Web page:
Susan Vasalle has lived a life of service by building relationships with others, first as a child raised to help others, then professionally as she moved throughout her career as a social worker, then radio broadcaster. Now, the 72-year-old serves as a community liaison, aiding citizens in her community in preventing crime and accessing police services.
As a volunteer and president of Leetsdale Cop Shop, a non-profit supporting a police station, the Denver, Colorado resident provides crime prevention information and tools in addition to other resources to the public. Serving with the Cop Shop since 2013, Susan launched a “Mobile Cop Shop” to better facilitate community outreach, including to seniors, and offers safety resources to over 500 citizens each year. Susan, who calls volunteering an “attitude”, is building a safer community through service, devoting nearly 3,700 hours and connecting with thousands of people thus far.
What inspires you to volunteer?
I’ve done volunteer work in a variety of ways my whole life. My parents volunteered in the town we lived in and I was brought up to believe that if there was a way that I or anyone in my family could help someone in need, that’s just what we did. Volunteering was an attitude.
Describe your role with the Cop Shop.
As a volunteer and the president of Leetsdale Cop Shop, I handle administrative duties, coordinate with supervisory staff and handle training, scheduling and opportunities for the half-dozen volunteers who work out of the Cop Shop. As a Mobile Cop Shop, we find places in the community to set up and share our resources. People can call, text and email us for help. I also routinely speak with neighborhood organizations and city leaders to raise awareness and fundraise to support our activities.
Tell me more about how the Cop Shop works.
We take care of two populations in our community: citizens and police officers in our local district. We help citizens in a variety of ways. We’ll give them information that they can either pursue, or safety education resources that help allay their fears. We get tons of inquiries from people who have received scam phone calls. These are scams where the person is looking to steal money, for example, the scammer will pretend the person’s grandson has been arrested and he needs bail money from grandma. It’s kind of like being a social worker in a way. You counsel and offer advice. We don’t ask people for their names or contact information unless they provide their information.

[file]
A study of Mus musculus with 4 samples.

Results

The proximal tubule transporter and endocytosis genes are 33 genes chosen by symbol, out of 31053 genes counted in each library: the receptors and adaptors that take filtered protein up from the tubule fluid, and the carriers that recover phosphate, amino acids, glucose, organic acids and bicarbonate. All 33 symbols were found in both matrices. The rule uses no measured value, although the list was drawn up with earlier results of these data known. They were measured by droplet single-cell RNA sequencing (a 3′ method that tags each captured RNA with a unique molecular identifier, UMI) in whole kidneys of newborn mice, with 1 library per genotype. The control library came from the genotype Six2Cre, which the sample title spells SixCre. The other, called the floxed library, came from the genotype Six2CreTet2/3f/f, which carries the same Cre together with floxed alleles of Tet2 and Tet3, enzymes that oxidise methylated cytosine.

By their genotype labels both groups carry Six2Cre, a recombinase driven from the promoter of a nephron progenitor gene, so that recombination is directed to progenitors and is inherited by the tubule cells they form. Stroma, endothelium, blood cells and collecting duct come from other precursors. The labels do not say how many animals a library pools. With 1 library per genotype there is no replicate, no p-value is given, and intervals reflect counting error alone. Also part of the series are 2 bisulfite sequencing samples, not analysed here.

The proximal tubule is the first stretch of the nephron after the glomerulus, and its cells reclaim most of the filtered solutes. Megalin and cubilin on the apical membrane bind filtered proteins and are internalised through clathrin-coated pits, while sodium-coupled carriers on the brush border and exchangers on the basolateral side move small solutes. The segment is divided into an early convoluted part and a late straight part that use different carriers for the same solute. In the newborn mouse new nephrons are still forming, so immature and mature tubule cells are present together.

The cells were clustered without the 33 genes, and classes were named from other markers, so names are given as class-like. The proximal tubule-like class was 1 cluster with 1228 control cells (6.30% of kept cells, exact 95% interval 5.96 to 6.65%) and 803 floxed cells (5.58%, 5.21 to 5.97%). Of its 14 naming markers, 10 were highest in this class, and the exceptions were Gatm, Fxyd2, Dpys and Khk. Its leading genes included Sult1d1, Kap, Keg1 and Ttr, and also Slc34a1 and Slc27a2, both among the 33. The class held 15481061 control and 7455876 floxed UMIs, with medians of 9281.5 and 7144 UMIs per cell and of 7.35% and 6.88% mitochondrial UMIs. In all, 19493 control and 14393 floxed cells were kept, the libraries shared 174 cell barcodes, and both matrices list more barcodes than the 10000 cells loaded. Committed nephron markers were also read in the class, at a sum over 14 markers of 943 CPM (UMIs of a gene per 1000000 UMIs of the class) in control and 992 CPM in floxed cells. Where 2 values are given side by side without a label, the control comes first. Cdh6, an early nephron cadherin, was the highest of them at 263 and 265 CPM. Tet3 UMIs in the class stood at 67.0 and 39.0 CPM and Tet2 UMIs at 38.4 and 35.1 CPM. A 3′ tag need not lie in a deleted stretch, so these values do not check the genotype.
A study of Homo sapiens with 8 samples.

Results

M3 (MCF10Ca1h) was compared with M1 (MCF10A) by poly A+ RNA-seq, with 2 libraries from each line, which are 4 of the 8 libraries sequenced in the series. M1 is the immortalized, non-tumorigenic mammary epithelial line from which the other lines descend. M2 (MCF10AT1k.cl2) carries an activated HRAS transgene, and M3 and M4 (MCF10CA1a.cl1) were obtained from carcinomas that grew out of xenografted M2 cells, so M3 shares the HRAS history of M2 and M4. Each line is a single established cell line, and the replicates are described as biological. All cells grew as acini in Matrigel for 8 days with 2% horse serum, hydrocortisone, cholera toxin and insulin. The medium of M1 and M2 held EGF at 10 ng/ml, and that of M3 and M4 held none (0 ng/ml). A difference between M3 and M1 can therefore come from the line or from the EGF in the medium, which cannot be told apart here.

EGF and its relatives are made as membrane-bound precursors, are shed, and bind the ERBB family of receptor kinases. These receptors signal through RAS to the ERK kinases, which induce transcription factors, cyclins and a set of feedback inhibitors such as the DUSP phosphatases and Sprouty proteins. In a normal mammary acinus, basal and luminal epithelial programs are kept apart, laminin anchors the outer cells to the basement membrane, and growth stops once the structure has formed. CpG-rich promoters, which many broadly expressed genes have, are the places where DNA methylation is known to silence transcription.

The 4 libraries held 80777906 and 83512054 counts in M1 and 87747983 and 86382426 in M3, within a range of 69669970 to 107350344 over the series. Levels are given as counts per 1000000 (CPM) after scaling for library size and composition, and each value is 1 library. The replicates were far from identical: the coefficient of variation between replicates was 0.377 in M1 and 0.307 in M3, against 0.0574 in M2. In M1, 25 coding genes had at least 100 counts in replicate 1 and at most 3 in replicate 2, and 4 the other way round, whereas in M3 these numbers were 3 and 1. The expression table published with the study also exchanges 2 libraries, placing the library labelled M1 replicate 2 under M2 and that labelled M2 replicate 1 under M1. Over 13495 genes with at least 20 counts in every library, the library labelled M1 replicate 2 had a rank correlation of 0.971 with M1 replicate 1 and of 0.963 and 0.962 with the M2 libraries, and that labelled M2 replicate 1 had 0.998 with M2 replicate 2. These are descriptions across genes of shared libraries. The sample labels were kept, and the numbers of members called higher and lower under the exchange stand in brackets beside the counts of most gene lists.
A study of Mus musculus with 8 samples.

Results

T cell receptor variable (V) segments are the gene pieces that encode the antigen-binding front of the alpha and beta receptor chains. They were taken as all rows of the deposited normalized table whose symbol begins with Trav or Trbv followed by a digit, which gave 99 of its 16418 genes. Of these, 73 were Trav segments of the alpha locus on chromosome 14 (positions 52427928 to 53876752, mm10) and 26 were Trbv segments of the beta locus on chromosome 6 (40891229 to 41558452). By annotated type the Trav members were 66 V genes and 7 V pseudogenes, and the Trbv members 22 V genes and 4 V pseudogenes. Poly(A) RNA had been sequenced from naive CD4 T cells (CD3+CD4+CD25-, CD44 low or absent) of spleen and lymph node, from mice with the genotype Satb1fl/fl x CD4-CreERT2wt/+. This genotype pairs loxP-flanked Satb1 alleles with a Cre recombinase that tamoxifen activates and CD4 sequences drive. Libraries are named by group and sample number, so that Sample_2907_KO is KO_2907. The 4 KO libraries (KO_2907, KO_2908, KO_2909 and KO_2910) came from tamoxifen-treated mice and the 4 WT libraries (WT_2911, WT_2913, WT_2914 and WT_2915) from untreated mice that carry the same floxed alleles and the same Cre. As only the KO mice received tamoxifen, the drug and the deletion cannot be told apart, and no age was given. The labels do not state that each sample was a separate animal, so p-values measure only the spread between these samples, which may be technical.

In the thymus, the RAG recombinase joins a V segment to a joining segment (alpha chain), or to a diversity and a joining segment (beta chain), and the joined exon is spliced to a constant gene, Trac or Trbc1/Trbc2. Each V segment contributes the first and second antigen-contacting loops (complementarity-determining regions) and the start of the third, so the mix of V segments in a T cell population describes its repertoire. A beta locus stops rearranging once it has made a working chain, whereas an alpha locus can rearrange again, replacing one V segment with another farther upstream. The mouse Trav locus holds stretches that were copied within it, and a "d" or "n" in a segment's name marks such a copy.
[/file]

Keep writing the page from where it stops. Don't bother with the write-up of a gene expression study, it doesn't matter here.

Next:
Share one personal story with me from your volunteerism.
In addition to helping citizens, we take care of police in our district. When we had the Cop Shop storefront, we’d keep water and snacks for the officers. Now we make notecards, or we’ll send officers lunch, or pass out goodie bags at the holidays. Police are usually very thankful when we show them appreciation.
What’s been the most rewarding part of your service?
It’s been rewarding to do something to make my community better. Our Cop Shop is located closeby to where I live, but what we do and how we help our local police district filters out to other parts of the city too. My Cop Shop is considered an ‘outside the box’ operation, because we’re the only non-storefront that has successfully thrived as a mobile operation for three years. We’ll do a lot of things nobody thinks about, like our Dancing with the Cops event, which raised over $2,000 for traffic safety, as well as provided the opportunity for citizens to have fun with local police officers.
How have you adjusted your service as a result of the Covid-19 pandemic?
We had to stop any physical contact with the community once the pandemic hit. One of our biggest initiatives is offering safety resources to a 55+ senior community, and we had to pause that activity, but we’re hoping to start going back in September. There are more than 3,500 residents there, and they rely on us and our interactions. Throughout the pandemic, my focus has been to keep my volunteer team united through team building. We also bought lunch for police officers and wrote them notes.
In one word, what does volunteering mean to you?
How can readers help?
Please email [email protected] with inquiries about how you can help.